The Non-CDM teachers from No. 1, High School, Hopong township, Southern Shan State, are forcing the new enrolled students to attend the paid private tuition.
According to the students’ parents, if the new enrolled students from No.1 High School, Hopong, are not joining the private tuition, they will not be allowed to enter into the classrooms.
A Hopong resident told SHAN that starting from 2 June 2022, the new enrolled students are asked to join the private tuition classes, and that they will have to pay 20,000 Kyat monthly. The students from kindergarten to high school grade must take extra private tuition classes.
“Students will not be enrolled if they are not joining the extra private tuition. Teachers ask students if they will join private tuition during enrollment process. If no, then students will not be allowed to enter into the classrooms, and they will not accept enrollment,” a student parents who went to enroll their child told SHAN.
During this difficult time, it is not easy for parents to let their children join the private tuition and pay 20,000 Kyat monthly.
“This is a very difficult time for everyone to survive. Right now, the private tuition is a must and they do not even ask if we can afford to pay. They force us to pay for the private tuition,” the above student parents added.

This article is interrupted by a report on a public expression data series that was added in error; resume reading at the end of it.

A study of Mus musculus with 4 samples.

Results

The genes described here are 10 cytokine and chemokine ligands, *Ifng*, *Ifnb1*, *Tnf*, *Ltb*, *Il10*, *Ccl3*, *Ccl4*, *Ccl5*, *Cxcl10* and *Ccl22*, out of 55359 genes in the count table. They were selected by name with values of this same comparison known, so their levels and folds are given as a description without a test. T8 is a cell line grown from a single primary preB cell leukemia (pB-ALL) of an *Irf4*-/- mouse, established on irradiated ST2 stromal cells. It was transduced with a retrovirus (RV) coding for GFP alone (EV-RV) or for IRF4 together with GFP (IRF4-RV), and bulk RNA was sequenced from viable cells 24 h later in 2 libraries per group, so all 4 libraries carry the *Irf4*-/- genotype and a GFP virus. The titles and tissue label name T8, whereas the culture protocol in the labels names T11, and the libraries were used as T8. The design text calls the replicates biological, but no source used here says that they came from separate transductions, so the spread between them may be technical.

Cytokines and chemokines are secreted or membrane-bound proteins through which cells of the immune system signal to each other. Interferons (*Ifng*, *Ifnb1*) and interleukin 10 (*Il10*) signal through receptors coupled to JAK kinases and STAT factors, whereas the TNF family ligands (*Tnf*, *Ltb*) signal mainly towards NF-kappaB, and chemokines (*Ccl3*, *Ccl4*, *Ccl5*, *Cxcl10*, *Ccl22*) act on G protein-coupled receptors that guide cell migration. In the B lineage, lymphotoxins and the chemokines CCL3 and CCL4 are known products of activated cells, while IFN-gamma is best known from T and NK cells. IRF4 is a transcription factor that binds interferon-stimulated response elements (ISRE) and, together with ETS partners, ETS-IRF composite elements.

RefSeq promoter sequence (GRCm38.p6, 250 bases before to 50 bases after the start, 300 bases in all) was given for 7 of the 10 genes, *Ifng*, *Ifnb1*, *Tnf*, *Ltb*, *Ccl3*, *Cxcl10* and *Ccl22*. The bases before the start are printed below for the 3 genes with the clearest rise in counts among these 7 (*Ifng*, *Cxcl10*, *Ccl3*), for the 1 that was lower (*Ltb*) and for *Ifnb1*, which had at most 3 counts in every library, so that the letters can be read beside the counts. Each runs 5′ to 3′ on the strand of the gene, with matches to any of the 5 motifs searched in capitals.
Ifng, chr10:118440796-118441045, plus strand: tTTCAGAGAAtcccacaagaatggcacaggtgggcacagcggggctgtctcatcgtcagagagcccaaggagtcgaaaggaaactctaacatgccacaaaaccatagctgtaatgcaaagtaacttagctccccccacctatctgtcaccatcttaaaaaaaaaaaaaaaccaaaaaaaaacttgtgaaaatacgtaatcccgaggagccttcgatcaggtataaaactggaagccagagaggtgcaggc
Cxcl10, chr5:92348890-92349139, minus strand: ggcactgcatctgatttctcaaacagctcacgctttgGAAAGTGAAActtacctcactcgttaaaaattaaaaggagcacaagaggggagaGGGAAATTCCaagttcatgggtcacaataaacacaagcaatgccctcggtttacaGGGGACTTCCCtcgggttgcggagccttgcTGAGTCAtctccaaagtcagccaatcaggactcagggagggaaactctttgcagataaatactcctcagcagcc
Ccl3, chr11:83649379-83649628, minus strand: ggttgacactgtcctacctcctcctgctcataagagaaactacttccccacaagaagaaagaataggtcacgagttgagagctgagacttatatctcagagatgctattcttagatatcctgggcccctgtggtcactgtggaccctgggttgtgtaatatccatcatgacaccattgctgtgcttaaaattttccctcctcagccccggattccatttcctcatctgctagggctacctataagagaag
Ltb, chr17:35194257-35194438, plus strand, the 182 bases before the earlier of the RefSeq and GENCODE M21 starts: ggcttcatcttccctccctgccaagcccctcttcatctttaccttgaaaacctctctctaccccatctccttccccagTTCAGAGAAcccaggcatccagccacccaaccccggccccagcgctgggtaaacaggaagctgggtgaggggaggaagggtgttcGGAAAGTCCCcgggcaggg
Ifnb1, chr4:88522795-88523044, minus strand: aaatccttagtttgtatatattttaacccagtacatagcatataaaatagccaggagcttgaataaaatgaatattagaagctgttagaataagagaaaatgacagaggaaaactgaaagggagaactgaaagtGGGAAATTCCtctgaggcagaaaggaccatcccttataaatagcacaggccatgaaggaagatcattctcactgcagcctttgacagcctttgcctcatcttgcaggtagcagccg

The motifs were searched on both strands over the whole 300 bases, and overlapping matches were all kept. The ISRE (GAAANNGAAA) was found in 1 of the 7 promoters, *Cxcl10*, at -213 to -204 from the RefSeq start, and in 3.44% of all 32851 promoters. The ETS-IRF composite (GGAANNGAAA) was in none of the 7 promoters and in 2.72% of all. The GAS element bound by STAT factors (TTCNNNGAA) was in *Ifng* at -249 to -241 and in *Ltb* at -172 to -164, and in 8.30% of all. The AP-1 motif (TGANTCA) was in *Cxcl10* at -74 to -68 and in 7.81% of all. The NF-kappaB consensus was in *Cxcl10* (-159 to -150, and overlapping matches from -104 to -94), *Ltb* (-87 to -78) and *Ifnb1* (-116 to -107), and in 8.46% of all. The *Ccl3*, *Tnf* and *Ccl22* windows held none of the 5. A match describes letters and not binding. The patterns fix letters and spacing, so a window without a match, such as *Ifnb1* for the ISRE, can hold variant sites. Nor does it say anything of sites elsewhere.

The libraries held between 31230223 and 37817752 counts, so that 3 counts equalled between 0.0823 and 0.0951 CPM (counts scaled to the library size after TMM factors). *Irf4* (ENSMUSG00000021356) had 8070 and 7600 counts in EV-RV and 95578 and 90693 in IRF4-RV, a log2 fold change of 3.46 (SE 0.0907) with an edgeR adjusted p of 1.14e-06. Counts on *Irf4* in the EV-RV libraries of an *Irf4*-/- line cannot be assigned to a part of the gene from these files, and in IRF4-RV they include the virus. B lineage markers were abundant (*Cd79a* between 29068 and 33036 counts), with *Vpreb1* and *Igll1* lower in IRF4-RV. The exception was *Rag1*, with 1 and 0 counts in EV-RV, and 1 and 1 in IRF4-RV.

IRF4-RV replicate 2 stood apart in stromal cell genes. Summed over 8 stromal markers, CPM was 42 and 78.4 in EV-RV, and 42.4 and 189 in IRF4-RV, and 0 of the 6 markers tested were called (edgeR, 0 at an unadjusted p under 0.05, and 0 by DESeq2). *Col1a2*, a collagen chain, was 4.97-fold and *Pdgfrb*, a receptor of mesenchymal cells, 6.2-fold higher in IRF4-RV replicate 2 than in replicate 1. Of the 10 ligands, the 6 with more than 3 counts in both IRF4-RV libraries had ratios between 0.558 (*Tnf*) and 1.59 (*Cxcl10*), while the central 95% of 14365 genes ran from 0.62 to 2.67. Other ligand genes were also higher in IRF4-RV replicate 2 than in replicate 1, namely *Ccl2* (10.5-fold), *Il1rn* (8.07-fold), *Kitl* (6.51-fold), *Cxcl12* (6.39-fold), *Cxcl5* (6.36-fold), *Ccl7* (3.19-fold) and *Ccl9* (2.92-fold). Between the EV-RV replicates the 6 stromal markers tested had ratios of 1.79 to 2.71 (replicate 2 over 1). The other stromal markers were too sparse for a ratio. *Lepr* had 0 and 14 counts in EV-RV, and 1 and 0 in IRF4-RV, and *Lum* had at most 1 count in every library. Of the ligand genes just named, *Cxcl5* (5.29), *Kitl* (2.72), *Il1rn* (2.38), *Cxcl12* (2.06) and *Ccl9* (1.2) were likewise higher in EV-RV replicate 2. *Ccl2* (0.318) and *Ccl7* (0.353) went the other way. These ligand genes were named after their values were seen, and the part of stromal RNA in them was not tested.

Currently, it is reported that teachers are not enough at the government school, No.1 Hight School, Hopong township. In the past, there were three classrooms for kindergarten, and students are packed into one big classroom now. To fill up the vacancies, teachers from the military army are requested according to a anonymous woman who lives in Hopong.
“Teachers are not sufficient at the school. There are teachers from the military army being replaced the CDM teachers. They will not teach the students well. Hundreds of students in one classroom, and teachers are not enough to pay full attention to all students,” the above anonymous woman told SHAN.
Since after the military coup, the young people in Hopong township are protesting against the military junta, and even though schools are reopening, many teachers are participating in the civil disobedience movement (CDM).